Luxury homes are a dime a dozen in the Caribbean—but Villa Papillon in Antigua and Barbuda stands out thanks to an elegant design that combines style with function. 

The six-bedroom, six-bathroom home, nestled on the southwestern coast of Antigua near the Pearns Point peninsula with views of the famous Jolly Harbour oceanfront resort, offers dramatic views of the Caribbean Sea. 


A terrace of 3,500 sq ft comes complete with an outdoor kitchen and poolside bar, shower and ample space to enjoy the balmy Caribbean sun, as well as a stunning infinity pool. The rest are carefully landscaped grounds with local shrubs—avocado, lemon, mango and orange flame trees.


Not only is this Ward & Co’s first venture in the Caribbean, it’s also a deeply personal passion project. Sarah Ward, who is creative director at the firm, had taken possession of the plot and built the home from the ground up—a process that took over three years. 

“For me, it was really about the beautiful views,” says Ward on her decision to acquire the land. 

The location also played a role: “Out of all the Caribbean islands, Antigua is the most uncontrived. There are 365 beaches; vast, unspoilt areas; and the people are incredibly friendly and welcoming.” 

“Eclectic, cocooning and relaxing” is how Ward describes Villa Papillon—French for “butterfly.”

“The name was inspired by the plentiful white butterflies we saw during the build—we are told they appear twice a year in Antigua,” says Ward. 

The home’s design, she adds, is a “welcoming, characterful space that celebrates the energy and spirit of the Caribbean—but is still authentic to our brand.” 

Neutral palettes with classical clean lines, layered with bold colours on different textures and patterns, are a hallmark of her firm’s projects, Ward says—and here, this approach is seen through the eye-catching artwork juxtaposed against a calm base palette. 

Meanwhile, Ward often finds inspiration in a home’s surroundings in her firm’s projects, and designing the interiors of Villa Papillon is no different.

“To me, the ocean is like moving art—and the soft noise of waves lapping against the shore is one of the most relaxing sounds in the world,” Ward says. 

“The views were integral to my vision, and the entire focus when it came to considering the layout of the house.” 

The interiors are designed to create a seamless feel between the sea and the living spaces, and this is why glass is used throughout the home. 

The subtle pops of the colour in the spaces are chosen for their Caribbean flavour, explains Ward. They are “brilliant vibrant tones which the light can handle, and with enough interest and punch to provide a focus.” 

Striking a balance between interiors brimming with character that don’t distract from the ocean views, however, was also a consideration. That’s why it was important to incorporate understated tones throughout the space, and decorate with furniture below eye level.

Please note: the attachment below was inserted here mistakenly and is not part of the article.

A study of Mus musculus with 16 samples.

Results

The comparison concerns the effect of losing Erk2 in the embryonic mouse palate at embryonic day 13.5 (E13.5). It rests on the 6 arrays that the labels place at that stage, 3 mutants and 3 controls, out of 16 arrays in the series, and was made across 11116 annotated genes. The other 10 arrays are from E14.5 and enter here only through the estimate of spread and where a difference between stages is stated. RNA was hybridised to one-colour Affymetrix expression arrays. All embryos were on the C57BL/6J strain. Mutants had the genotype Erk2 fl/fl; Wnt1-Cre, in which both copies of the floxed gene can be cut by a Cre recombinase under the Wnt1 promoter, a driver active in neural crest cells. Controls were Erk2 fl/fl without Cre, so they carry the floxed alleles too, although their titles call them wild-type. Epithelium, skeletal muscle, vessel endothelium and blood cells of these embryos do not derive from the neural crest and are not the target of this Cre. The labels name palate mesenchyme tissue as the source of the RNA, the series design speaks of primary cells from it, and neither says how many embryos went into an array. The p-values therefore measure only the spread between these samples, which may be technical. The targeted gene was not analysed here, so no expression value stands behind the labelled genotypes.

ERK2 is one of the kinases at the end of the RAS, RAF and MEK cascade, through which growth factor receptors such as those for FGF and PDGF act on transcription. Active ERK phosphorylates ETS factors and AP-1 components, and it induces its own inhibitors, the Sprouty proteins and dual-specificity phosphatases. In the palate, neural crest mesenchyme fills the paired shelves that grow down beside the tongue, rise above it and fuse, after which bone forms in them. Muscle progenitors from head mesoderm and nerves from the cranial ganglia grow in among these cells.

The façade of the home is inspired by British colonial architecture—and this is especially evident in its symmetrical lines and plantation shutters. The balustrade at the front of the villa, on the other hand, is of a style typical of the Caribbean: these X-shaped railings are both practical and decorative, says Ward. 

Open-plan layouts with vaulted ceilings, an architectural form traditionally seen across Antigua, are designed to encourage the island’s balmy air to flow through the home. Plantation-style shutters, seen in many parts of the Caribbean, are installed in the bedrooms—all features that minimise the use of air conditioning.

It was essential for materials used in construction, such as glass and roof tiles, to be hurricane-proof. Meanwhile, the soil type and topography underwent assessment before construction began—and this influenced the decision to set the home into a hill. 

Natural materials and tactile fabrics dominate the spaces, which Ward describes as a “requisite nod to the island’s golden beaches.” 

In the formal living space on the first floor, beautiful tree slab tables by Xyleia Natural Interiors are placed by a safari tobacco leather sofa by Timothy Oulton. A corridor that leads to the bedrooms feature a variety of wicker pendants designed by Salley Story of John Cullen Lighting. 

Ward wanted the bedrooms to “each have their own personality”, so all six have different colour palettes. 

In the master bedroom, which faces the southwest, turquoise hues and hot pink contrast with the subtle metallic accents in the white linen curtains.

This design detail was incorporated to highlight the “silver dust” that twinkles on the calm blue waters in the afternoon sun, says Ward. It has a private balcony and an ensuite, which Ward says is “arguably the finest bathroom views to be found in the Caribbean.” 

Reflecting on the creation of Villa Papillon, Ward says it was important to create a contemporary design with long-lasting impressions. 

But that’s not all. “For me, the main considerations for this project were practicality, drama, elegance—and a desire to create a cocooning and comfortable interior with an aura of calm.”